In this decision, the European Patent Office considered a generated metadata file as non-technical. Here are the practical takeaways of the decision T 2573/16 (OLAP-cube specification/ACCENTURE GLOBAL SERVICES) of 6.11.2019 of Technical Board of Appeal 3.5.07:

Key takeaways

If non-technical features could not contribute to a technical effect because they are non-technical, there would be no need for analyzing whether these features produce a technical effect over a computer. Hence, it has always to be analysed whether, and to what extent, a non-technical scheme, when implemented on a computer, produces a technical effect over that computer.

While a file itself is likely non-technical, the generation thereof might be technical.

The invention

This European patent application relates to online analytical processing (OLAP) which is a category of tools used to provide access to data in a database. With OLAP, multidimensional analytical queries can be quickly answered. Databases configured for OLAP may use a  multidimensional data model that provides multidimensional views of data for quick access to strategic information for further analysis (cf. EP 2 312 465 A1, para. [0002]).

OLAP tools use OLAP cubes to achieve efficient data retrieval which is a data structure that organizes categories of data by dimensions and measures (cf. EP 2 312 465 A1, para. [0003]). If users want to change the OLAP cube, such as add or remove dimensions, a cumbersome process must be followed by the technical solution team to properly implement the changes. The back-and-forth communications and processes needed to implement changes to the OLAP cube are burdensome (cf. EP 2 312 465 A1, para. [0005]).

The present application seeks to to improve OLAP systems by means of a template metadata file including metadata defining the structure of the OLAP cube (cf. EP 2 312 465 A1, para. [0006]).

Fig. 1 of EP 2 312 465 A1

  • Claim 1 (main request)

Is it technical?

According to the first instance Examining Division, almost all features of claim 1 would refer to non-technical aspects:

4.1 (…) Point 10.1.1.5 of the decision essentially repeats point 10.1.1.3 by stating that the only technical aspects present in claim 1 were the feature specifying that the metadata receipt module was “configured to receive input via a user interface”, which implied the use of a general-purpose computer, and the features relating to “files”, which were to be interpreted as “electronic data files in a computer memory” of that general-purpose computer. All other aspects of claim 1 were non-technical in nature and therefore formed “part of a given framework within which the technical problem [was] posed, for example in the form of a requirements specification provided to the person skilled in a technical field”.

Hence, considering a common personal computer as closest prior art, the Examining Division rejected the present application due to lack of inventive step.

According to the present decision, however, the Board in charge considered the reasoning of the Examining Division not persuasive:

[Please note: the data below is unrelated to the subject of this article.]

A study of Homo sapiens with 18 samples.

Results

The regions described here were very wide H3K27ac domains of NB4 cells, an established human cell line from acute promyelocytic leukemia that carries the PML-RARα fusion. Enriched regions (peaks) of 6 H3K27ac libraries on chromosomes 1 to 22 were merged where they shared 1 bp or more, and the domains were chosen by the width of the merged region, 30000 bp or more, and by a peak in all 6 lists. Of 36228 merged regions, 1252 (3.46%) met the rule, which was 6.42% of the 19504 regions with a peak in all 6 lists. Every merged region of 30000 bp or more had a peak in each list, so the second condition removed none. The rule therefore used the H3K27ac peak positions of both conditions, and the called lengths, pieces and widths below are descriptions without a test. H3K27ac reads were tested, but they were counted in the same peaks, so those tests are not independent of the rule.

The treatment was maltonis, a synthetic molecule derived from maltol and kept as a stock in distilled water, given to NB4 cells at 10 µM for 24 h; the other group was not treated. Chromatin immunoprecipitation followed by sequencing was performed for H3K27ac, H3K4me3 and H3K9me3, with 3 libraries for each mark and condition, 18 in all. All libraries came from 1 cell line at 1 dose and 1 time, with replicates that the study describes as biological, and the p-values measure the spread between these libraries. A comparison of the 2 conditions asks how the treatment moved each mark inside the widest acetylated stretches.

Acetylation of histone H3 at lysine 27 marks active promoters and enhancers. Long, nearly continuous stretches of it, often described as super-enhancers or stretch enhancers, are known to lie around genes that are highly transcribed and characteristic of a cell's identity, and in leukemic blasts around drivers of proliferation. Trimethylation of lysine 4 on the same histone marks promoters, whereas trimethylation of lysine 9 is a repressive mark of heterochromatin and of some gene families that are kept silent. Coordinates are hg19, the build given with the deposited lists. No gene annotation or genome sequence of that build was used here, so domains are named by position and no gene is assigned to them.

4.5  In sum, the contested decision’s inventive-step reasoning is incomplete as it stands, and the general approach to assessing inventive step taken in the decision is prone to overlook technical contributions made by non-technical features.

In more detail, the Board argues that the Examining Division failed to assess whether the claimed non-technical scheme produces a technical effect or not:

4.2 Although in many cases the implementation of a non-technical scheme on a general-purpose computer results in subject-matter that is obvious, this is not inevitably the case. As the Examining Division essentially stated in point 10.1.1.4 of its decision, non-technical features are to be taken into account in the assessment of inventive step to the extent that they interact with the technical subject-matter of the claim to solve a technical problem or bring about a technical effect (see G 1/04, OJ EPO 2006, 334, reasons 5.3; T 154/04, OJ EPO 2008, 46, reasons 5, under (F), and 13 to 15). It therefore still has to be analysed whether, and to what extent, the non-technical scheme, when implemented on a computer, produces a technical effect over that computer.

Therefore, the Board in charge re-examined inventive step in all detail. In this respect, the Board, however, came to the conclusion that the process of generating a metadata file may be technical, but not the metadata file as such:

5.4 The overall effect of the four modules is the generation of a metadata file which defines the structure of an OLAP cube and which is to be used by the claimed system’s conventional OLAP functionality.

This generated metadata file cannot be technically distinguished from the metadata file produced by the technical solution team of the prior art: the four claimed modules do not ensure any special property of the generated metadata file that translates into a technical effect, occurring when the file is used by the system’s conventional OLAP functionality, that is different from the technical effects that occur when a metadata file produced by a technical solution team is processed.

(…)

Hence, the generated metadata file does not represent a technical effect achieved over the prior-art OLAP system. Any technical effect is thus to be found in the generation process itself.

However, the Board considered the technical aspects of the generation to be trivial:

Indeed, the only technical features here relate to reading and writing data from and to files and the use of implicit input and output devices for receiving input from and presenting information to the user. Since these features are well known and are used for their normal purpose, they do not support an inventive step.

As a result, the Board dismissed the appeal.

More information

You can read the whole decision here: T 2573/16 (OLAP-cube specification/ACCENTURE GLOBAL SERVICES) of 6.11.2019.